Is Buddha a Man or Woman?
Was Buddha a Man or Woman?
Was he/she sometimes know as a man and sometimes as a woman?
Why was he/she sometimes know as a man and sometimes as a woman?
What was his/her real gender?
Give proof please.
He was a guy. What makes you think anyone thinks differently? Are you referring to celestial Buddhas or the historical Buddha? Are you confounding God (other religions) with the Buddha (a religion rather divergent from Christianity)?
May be a duplicate of http://buddhism.stackexchange.com/questions/3322/can-the-buddha-ever-be-a-woman
You said "is Buddha" (using the present tense, not "was"), so does that mean you are not asking about the historical Buddha? It's difficult to be sure of what you are asking about. Is your question related to Why does the Buddha appear androgynous in some depictions? Or to Andrei's answer about gender?
The answer to this question has a lot of things that change the answer, depending on whom you ask. It would depend on which Buddha we're talking about, which lineage, which region, which culture, and which set of histories we're willing to accept as historical fact. As such, there is no singular answer which could possibly suffice.
The Buddha, historically, was male: his name was Siddhartha Gautama and his title was Shakyamuni because he was a prince and later king of his tribe in Nepal. He called himself "Buddha" because it connotes being awakened by light. As such, anyone who has reached this level of personal and spiritual evolution is considered to be "a Buddha".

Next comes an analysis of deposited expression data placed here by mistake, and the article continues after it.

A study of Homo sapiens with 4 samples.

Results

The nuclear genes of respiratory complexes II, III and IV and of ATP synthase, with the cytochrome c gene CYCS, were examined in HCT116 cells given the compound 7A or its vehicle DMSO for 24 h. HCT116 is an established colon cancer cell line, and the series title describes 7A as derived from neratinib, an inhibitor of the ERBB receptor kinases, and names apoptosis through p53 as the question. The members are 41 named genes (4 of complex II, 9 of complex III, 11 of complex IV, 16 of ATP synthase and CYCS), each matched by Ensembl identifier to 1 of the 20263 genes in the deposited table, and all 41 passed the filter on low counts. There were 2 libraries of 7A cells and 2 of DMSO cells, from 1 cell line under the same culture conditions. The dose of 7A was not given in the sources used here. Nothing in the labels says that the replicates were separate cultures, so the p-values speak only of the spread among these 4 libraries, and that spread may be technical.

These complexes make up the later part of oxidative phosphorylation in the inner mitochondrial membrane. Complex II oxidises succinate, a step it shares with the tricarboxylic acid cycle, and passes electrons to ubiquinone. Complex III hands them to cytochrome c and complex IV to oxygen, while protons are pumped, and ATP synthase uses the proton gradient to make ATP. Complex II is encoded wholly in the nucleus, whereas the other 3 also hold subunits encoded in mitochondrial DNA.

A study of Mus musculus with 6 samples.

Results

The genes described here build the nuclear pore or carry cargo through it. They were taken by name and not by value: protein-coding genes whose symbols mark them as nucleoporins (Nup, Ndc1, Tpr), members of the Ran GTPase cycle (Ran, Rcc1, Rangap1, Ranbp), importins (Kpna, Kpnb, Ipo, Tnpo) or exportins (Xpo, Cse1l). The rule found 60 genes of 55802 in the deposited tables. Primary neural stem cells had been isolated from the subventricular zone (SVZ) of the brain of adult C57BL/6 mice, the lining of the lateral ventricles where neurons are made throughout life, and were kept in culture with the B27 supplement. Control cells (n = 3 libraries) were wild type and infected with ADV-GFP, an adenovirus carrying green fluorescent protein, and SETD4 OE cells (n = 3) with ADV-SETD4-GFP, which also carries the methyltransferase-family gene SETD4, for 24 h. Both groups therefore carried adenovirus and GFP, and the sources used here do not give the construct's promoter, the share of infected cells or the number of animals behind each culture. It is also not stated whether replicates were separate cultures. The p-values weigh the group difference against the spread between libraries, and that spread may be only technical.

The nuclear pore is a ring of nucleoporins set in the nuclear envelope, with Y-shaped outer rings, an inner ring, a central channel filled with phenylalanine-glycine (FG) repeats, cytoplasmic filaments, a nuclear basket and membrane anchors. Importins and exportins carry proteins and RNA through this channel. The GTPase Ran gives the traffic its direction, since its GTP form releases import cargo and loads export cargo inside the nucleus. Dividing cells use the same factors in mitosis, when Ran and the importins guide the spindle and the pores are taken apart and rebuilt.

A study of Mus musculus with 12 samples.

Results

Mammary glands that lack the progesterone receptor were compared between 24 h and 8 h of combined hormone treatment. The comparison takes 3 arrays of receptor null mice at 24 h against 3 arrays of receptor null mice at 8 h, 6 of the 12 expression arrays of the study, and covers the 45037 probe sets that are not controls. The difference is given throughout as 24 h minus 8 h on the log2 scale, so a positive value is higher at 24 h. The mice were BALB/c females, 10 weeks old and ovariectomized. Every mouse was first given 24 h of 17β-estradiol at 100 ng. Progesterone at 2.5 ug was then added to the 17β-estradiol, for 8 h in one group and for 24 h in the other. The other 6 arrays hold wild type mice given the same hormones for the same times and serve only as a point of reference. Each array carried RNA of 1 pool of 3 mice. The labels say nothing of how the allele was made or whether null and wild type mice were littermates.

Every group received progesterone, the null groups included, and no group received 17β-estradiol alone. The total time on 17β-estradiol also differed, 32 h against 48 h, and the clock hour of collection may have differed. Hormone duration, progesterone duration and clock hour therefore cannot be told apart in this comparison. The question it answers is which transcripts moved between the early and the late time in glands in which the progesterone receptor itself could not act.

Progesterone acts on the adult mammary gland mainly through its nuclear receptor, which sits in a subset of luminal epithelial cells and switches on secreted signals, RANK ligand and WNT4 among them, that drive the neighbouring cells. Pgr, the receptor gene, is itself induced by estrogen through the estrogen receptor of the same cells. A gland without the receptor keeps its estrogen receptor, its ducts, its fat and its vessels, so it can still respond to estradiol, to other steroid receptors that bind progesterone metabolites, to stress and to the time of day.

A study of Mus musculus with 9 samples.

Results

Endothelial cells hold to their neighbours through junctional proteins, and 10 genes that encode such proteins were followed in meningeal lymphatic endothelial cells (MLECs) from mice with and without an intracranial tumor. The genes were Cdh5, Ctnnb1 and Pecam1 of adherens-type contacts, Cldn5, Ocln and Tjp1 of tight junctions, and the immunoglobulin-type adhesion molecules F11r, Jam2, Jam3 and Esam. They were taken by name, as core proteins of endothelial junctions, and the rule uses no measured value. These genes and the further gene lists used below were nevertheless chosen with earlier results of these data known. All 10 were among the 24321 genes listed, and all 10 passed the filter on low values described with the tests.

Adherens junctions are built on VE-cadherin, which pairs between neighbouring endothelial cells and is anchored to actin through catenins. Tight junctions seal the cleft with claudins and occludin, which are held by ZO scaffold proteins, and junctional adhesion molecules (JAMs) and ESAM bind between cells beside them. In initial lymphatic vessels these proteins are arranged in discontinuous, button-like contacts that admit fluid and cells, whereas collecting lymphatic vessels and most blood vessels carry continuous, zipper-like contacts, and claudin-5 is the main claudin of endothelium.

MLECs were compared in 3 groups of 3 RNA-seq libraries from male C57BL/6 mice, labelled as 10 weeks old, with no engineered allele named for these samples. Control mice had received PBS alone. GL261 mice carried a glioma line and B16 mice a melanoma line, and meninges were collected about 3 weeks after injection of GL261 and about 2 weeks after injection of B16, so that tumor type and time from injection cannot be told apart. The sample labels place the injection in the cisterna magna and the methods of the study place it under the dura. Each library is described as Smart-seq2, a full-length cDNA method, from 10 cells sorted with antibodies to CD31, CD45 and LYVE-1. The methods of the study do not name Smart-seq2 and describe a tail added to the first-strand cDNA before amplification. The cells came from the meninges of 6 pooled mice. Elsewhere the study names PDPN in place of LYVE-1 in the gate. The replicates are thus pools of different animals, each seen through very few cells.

In some lineages, female Buddhas exist; in most, all Buddhas are required to be male.
In some cultures, the mere idea of a female Buddha is offensive; in others, the idea is acceptable; and in still others, the idea that anyone has a problem with that at all is offensive.
In some histories, there is acceptance of the story of Guanyin (also called Kwan Yin), who is sometimes called the "Medicine Buddha". But she is also considered a goddess of healing and a Taoist immortal, among a few other highly-regarded titles.
One of the teachings of the Buddha is to overcome preconceptions. If we're bound to the idea that only men can become Buddha, it would make sense that the Buddha might reincarnate as a female to try to teach this idea, perhaps after being a male who seeds the idea.
Again, there are so many, many ideas out there about this that there is no singular correct answer. And so to answer, I would just write: "it's not outside of the realm of possibilities, either way".
"Old Buddhism" meaning the original Buddha? Actually, there was no "Buddhism" until more than a century after the Buddha's death... it was merely a branch of Hindu philosophy, and the Buddha was a highly-regarded swami and a guru. There was never an intent for separation on the part of Gautama.